Digital Economy strategy - September 2022
September was a challenging month for investors
- Sentiment significantly worsened impacting most investments
- Macroeconomic and geopolitical risks continue to be dominant
- We expect companies will reset future growth forecasts during the 3rd quarter reporting period
Global equity markets declined sharply in September, with the MSCI ACWI falling 9.5%1 . There were very few bright spots amongst the macro data that was released during the month with high inflation trending in many regions of the world resulting in additional interest rate hikes (and suggestions of more to come) by central banks. This message was not well received by investors across many asset classes.
Expectations are increasingly factoring in a broad-based recession with the rising cost of living and the associated impact on the consumer continuing to be a headwind for businesses whilst the backdrop of the war in the Ukraine adds to current market uncertainty, contributing to higher energy prices and supports the current risk off sentiment.
Many companies have now completed their third quarter and will soon start to present these results and provide guidance for the fourth quarter. The sharp decline in value of currencies against the US dollar creates a headwind and hence further risk to growth for the remainder of 2022 and 2023.
Portfolio positioning and performance
September was a difficult month across the board within our strategy as sentiment significantly worsened resulting in most investments seeing a fall in their value. At the margin some of our Cybersecurity holdings generated a positive return, due to the defensive aspects of these company’s products.
The Enabler sub-theme (with the Data & Enablers theme) detracted most from performance during September. This sub-theme contains investments in software and IT service companies who have recently been highlighted a longer duration in the sales process during the last reporting period. We note that when there is macro uncertainty, companies can often defer investment in new technology or projects as they reassess their budgets and cash flow for a more difficult operating environment. However, we believe that key investments cannot be paused forever and that these spending intentions will return as more certainty returns to global economies.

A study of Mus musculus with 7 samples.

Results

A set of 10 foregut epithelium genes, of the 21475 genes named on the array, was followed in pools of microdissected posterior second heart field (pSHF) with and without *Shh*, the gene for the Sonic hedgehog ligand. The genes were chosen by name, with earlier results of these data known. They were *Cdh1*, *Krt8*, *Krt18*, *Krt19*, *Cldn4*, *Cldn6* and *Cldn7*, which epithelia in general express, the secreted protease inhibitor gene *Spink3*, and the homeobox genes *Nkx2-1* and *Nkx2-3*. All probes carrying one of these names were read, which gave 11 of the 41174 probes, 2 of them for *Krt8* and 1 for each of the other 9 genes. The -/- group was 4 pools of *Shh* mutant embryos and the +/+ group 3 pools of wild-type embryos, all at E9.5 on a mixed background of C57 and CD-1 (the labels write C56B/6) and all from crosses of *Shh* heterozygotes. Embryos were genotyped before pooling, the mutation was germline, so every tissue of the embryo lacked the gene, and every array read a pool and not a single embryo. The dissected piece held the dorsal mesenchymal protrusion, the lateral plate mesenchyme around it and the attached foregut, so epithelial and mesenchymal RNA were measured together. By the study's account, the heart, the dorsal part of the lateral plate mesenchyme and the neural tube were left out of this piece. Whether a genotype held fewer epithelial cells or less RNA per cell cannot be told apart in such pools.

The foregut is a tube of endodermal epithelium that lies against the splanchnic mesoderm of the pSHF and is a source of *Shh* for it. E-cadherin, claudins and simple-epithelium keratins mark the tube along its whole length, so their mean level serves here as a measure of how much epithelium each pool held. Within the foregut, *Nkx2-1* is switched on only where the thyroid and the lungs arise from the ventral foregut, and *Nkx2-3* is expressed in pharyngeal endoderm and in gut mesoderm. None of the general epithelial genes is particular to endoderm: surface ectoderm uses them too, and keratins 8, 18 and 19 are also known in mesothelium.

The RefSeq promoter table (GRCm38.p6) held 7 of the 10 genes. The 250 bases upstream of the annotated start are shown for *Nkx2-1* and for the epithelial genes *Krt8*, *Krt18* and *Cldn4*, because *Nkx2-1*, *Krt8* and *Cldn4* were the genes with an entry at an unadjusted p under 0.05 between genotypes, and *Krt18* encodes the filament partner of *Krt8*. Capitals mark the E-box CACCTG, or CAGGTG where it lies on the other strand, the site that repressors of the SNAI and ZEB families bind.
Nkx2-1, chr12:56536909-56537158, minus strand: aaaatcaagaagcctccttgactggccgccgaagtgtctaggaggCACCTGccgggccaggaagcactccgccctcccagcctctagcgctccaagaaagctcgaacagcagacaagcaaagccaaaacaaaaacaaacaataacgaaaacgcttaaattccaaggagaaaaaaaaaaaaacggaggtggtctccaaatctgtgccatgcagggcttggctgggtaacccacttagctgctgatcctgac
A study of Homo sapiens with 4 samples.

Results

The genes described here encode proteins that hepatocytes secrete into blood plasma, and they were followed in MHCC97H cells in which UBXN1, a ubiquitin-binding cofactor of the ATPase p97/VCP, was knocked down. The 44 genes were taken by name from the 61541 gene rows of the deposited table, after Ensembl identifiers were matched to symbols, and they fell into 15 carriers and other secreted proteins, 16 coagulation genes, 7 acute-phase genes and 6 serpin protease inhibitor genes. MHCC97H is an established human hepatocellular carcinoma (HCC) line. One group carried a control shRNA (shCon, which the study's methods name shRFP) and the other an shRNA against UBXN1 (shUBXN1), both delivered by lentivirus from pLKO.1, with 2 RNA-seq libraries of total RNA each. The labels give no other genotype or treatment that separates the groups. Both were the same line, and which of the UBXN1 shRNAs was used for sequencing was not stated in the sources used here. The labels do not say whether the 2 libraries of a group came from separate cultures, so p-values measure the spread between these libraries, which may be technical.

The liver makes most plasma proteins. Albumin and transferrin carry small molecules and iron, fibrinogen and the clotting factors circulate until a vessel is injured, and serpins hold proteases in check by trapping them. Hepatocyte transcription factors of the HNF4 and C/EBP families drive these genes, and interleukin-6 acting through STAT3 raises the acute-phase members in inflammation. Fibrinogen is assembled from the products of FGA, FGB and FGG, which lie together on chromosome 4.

We sold the remainder of our investment in Zendesk, following the bid proposed by a consortium of private equity firms to acquire the company. We also sold our position in real estate business Duke Realty which is being acquired by peer Prologis in an all-stock transaction. We continued to add to our investments in cybersecurity firms, CyberArk Software, Tenable Holdings and Splunk.
Whilst macro-economic and geo-political uncertainty continue, we would expect markets to remain volatile. The pressures from inflation, a strong US dollar, higher energy costs and rising interest rates will continue to have a negative impact on consumer spending and businesses exposed to consumer spending. Near term growth expectations will likely be reset over the coming months. However, we believe the longer-term growth potential for many of the companies within the Digital Economy strategy are likely to remain elevated above broader economic growth rates over the duration of an investment cycle and with the contraction of valuations we believe there are many attractive investment opportunities arising. We are mindful that equity markets can overshoot in both directions, so we are not trying to call the bottom, but we do believe that our investment philosophy around identifying long term themes and the companies that will benefit from these themes remains intact despite the near-term challenges.
Whilst the long-term growth trends to which the fund is exposed are still intact the strength of the global economy may influence the pace of this growth. It is even more important that we continue to focus on quality within our investment universe, identifying management teams who we believe can navigate their organisations through these challenging times.
Long term investment trends that our strategy is exposed to such as the growth in online advertising, the adoption of e-commerce and the importance of having a reliable and safe transaction and fulfilment operation continue to play an important role in many successful business models even in a difficult economic environment. Arguably, the ability for companies to harness the power of data and digitalisation to make themselves more productive and efficient play an even more vital role during times when growth has become scarce.
No assurance can be given that the Digital Economy strategy will be successful. Investors can lose some or all of their capital invested. The Digital Economy is subject to risks including Equity; Emerging Markets; Global Investments; Investments in small and/or micro capitalisation universe; Investments in specific sectors or asset classes; ESG.